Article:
British American Tobacco said Friday it had offered $47 billion to take full control of Reynolds American, pivoting back to the U.S. market it left 12 years ago as global tobacco companies face growing scrutiny elsewhere.
Reynolds American was formed in 2004 when BAT merged its U.S. subsidiary Brown & Williamson with R.J. Reynolds. The British company has now offered cash and stock worth $56.50 a share for the 57.8% of Reynolds it doesn’t already own, representing a roughly 20% premium to the closing share price Thursday.
BAT said the deal would create the world’s largest listed tobacco company by net sales and operating profit, combining its Dunhill, Lucky Strike, and Pall Mall brands with Reynolds’s Camel and Newport cigarettes.
“The proposed merger of our two great companies is the logical progression in our relationship and offers all shareholders a stake in a stronger, truly global tobacco and next-generation products company,” BAT Chief Executive Nicandro Durante said in a news release.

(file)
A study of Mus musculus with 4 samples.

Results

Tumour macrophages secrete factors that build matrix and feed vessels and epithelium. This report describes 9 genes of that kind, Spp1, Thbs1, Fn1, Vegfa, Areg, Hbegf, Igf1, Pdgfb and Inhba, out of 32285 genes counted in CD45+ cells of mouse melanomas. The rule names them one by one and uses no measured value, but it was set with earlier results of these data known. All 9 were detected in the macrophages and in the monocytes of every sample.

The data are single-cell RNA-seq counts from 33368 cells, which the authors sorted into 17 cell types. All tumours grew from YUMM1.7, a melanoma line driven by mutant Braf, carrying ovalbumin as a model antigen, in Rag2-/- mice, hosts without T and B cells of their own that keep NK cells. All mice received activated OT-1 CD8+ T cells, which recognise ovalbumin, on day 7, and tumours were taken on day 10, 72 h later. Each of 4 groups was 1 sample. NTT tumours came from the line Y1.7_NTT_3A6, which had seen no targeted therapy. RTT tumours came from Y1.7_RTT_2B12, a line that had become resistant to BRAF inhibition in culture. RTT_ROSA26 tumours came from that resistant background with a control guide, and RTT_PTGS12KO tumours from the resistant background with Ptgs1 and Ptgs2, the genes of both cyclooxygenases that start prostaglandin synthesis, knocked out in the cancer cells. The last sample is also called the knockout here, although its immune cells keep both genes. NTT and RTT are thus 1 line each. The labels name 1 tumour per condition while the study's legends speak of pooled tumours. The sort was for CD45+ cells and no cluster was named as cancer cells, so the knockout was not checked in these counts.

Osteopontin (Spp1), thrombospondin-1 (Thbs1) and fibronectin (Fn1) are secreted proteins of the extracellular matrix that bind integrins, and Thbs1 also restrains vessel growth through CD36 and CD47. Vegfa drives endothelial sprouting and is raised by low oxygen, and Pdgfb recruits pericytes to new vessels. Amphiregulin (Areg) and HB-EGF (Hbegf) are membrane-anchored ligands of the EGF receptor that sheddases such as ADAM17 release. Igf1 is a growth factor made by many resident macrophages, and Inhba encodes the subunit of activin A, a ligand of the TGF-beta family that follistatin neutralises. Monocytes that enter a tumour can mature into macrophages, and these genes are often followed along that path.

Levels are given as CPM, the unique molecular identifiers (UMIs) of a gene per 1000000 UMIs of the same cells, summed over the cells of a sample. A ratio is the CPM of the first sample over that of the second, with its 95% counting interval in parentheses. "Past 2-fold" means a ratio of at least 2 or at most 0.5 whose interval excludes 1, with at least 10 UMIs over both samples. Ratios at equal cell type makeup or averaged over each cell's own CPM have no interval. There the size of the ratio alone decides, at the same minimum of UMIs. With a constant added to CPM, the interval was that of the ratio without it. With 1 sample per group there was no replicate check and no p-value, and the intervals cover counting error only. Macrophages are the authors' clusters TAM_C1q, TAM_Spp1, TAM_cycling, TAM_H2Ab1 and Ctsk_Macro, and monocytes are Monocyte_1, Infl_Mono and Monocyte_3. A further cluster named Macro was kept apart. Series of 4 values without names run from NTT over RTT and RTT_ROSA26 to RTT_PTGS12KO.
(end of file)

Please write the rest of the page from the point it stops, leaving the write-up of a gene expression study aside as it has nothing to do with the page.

He noted that Reynolds had further strengthened its business by acquiring Lorillard last year for $25 billion and that the combined companies would a “world-class pipeline” of e-cigarette and other vaping products. The U.S. is the world’s largest e-cigarette market. E-cigarette including ejuice or vape juice.
Reynolds said its board would evaluate the offer and “respond accordingly.” Wells Fargo analyst Bonnie Herzog told Reuters she expected Reynolds will push for a higher price.
In trading Friday, the company’s shares rose 14% to $53.78.
International tobacco companies had spurned the U.S. for years because of litigation but according to The Wall Street Journal, they “are returning as they confront declining cigarette volumes and expanding regulations around the globe.”
“Thanks to free-speech rights under the First Amendment, U.S. companies are protected from plain-packaging rules like the ones sweeping across Europe that require cigarettes be sold in packages without signature logos and colors,” the Journal noted.
Durante cited “current unique industry and market conditions” for the timing of BAT’s offer. Since Britain’s Brexit vote on June 23, BAT’s shares have jumped 13%, while Reynolds’s have fallen about 7.5%, bringing the companies’ price-to-earnings ratios more in line.